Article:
Lord Patten talks of ongoing UK obligations to HK at Hong Kong Watch event
At a packed event in the House of Commons, Lord Patten, the last Governor of Hong Kong, said that the Sino-British Joint Declaration continues to place ‘obligations’ on the UK and China, and that the establishment of Hong Kong Watch was significant as it showed ‘the continuing concern in this country about the situation in Hong Kong’.
Speaking at a reception to mark the twenty-first anniversary of the handover of Hong Kong, Lord Patten said that ‘it was bizarre to hear people saying that the future of Hong Kong is none of our business in Britain’. He added that Hong Kong Watch has a ‘vital role in ensuring that the government and parliament in the United Kingdom are educated about the situation in Hong Kong as they should be.’
During his speech, Lord Patten also hit back at critics who claimed that his recent call for the reform of the Public Ordinance ‘undermined’ the rule of law. He said:
“I am reluctant to take lectures about the rule of law from people who stood idly by while people were abducted on the streets.”
“The reintroduction of the Public Order Ordinance in 1997 and its use is a straightforward contravention of the International Covenant on Civil and Political Rights. We picked apart that legislation which is totally unnecessary. It is not criticising the judiciary to say that.”
The Public Order Ordinance was reformed by Lord Patten and then subsequently reintroduced by the Provisional Legislative Council in 1997. It has been repeatedly criticised by the United Nations for breaching the International Covenant on Civil and Political Rights.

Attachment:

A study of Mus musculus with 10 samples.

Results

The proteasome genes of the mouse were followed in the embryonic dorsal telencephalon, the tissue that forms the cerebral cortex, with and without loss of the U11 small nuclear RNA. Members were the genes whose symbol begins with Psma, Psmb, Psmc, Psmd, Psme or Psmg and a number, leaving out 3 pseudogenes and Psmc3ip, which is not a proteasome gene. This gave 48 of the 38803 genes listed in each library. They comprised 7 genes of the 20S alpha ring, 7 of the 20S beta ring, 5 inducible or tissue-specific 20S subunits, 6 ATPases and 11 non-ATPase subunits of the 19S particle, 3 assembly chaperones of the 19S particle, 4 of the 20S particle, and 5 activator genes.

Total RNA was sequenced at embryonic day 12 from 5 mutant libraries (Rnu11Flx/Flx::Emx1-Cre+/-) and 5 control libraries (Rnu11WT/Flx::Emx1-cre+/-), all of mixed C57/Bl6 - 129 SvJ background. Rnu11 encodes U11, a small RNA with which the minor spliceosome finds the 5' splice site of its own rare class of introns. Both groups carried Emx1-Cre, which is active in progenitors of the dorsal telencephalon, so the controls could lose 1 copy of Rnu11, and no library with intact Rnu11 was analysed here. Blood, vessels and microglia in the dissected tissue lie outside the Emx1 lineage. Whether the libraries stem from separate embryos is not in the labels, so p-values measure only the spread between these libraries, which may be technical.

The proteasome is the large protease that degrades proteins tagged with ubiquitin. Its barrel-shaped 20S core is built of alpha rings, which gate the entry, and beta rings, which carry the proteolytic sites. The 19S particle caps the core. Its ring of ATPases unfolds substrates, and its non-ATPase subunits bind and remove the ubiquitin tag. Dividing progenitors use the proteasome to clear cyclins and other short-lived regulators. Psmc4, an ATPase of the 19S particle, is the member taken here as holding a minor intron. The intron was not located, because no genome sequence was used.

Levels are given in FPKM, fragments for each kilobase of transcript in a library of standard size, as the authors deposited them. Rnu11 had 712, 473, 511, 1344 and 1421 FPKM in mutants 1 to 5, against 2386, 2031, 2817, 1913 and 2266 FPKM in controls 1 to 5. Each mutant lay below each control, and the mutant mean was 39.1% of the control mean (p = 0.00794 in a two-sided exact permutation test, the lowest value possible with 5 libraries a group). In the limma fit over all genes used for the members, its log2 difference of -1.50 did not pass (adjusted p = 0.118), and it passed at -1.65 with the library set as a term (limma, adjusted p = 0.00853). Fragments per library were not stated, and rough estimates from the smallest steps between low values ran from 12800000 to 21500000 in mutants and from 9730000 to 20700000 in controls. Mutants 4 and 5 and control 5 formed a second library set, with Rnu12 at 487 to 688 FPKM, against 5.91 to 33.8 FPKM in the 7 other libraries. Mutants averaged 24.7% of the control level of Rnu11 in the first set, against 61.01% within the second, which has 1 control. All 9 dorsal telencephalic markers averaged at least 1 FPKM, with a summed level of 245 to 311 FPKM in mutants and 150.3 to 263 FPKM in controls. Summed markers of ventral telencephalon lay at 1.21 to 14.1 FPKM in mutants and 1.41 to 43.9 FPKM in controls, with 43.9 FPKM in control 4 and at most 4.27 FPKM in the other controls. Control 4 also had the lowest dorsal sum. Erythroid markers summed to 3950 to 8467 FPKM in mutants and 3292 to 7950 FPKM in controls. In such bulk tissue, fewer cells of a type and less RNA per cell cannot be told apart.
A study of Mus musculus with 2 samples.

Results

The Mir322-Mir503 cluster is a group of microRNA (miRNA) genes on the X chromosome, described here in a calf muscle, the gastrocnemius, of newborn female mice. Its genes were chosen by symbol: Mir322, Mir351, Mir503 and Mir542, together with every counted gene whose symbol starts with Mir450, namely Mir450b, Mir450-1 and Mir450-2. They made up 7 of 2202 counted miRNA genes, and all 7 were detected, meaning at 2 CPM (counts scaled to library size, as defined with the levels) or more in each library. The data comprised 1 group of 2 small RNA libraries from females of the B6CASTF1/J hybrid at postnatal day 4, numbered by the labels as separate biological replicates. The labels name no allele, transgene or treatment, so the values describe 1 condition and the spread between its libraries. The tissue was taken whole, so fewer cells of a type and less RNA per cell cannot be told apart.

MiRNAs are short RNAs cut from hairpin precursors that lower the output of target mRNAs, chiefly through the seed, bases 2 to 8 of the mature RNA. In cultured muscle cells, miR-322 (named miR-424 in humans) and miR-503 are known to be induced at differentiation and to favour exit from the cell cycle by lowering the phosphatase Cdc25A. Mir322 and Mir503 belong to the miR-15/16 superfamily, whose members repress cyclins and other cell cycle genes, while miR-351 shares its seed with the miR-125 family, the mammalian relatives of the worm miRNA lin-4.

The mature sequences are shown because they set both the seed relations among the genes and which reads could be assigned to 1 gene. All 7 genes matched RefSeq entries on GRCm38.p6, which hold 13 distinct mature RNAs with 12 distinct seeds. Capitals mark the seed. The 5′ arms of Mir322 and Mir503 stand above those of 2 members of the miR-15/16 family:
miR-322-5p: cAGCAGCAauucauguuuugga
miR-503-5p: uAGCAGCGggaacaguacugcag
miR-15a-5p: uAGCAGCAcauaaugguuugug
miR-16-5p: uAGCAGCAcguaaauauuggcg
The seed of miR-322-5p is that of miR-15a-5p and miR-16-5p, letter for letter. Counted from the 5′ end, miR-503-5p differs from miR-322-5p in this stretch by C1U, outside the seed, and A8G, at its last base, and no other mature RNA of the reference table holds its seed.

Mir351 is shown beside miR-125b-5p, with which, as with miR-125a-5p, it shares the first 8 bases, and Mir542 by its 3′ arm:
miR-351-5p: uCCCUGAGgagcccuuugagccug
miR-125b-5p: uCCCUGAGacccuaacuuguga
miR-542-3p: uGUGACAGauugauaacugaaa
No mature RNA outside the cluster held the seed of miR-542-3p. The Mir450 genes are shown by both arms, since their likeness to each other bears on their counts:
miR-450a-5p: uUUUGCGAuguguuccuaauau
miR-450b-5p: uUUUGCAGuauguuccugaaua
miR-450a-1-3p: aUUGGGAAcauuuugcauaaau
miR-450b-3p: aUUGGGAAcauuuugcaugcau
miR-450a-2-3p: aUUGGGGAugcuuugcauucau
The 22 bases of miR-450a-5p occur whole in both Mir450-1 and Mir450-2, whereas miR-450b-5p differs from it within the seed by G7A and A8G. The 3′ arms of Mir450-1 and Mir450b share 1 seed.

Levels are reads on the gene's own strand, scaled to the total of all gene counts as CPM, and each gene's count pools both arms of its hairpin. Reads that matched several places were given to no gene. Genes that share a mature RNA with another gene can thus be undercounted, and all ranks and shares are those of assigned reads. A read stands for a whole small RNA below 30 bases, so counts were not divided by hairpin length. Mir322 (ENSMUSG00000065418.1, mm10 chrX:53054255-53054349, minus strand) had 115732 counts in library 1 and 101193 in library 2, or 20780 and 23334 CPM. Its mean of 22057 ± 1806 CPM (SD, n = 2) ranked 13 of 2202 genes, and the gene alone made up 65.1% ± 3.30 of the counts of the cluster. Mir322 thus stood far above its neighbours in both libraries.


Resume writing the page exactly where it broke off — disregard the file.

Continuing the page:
He also mentioned that the denial of entry of activist Benedict Rogers into Hong Kong was a “disgraceful breach of the joint declaration and basic law” and that “we deserve answers”.
The event was hosted by Catherine West MP, a Patron of Hong Kong Watch, and was attended by Parliamentarians from both houses, as well as academics and policy makers. Lord Alton of Liverpool, another Patron of Hong Kong Watch, said: “Anyone who loves the city of Hong Kong should want to support Hong Kong Watch, an organisation whose work is vital in keeping us in Parliament informed and on our toes in fulfilling our responsibilities to speak up for Hong Kong”.
The gathering also heard a passionate appeal for universal suffrage for Hong Kong from 20 year-old student activist Cara Li, who began her political campaigning when she was 14, and from Eric Lai, a leading member of Hong Kong’s Civil Human Rights Front.
Benedict Rogers, Chair of Hong Kong Watch, concluded the proceedings with a promise to continue to defend Hong Kong’s freedoms and autonomy for as long as necessary. “Come with us, work with us, join us in our effort to ensure that the basic freedoms, the rule of law and autonomy which the people of Hong Kong were promised would be protected at the handover 21 years ago are defended. We will redouble our efforts to stop the erosion of those freedoms. We will not stop until our work is no longer necessary – for as long as our voice and our support is needed, we will continue to be there for Hong Kong.”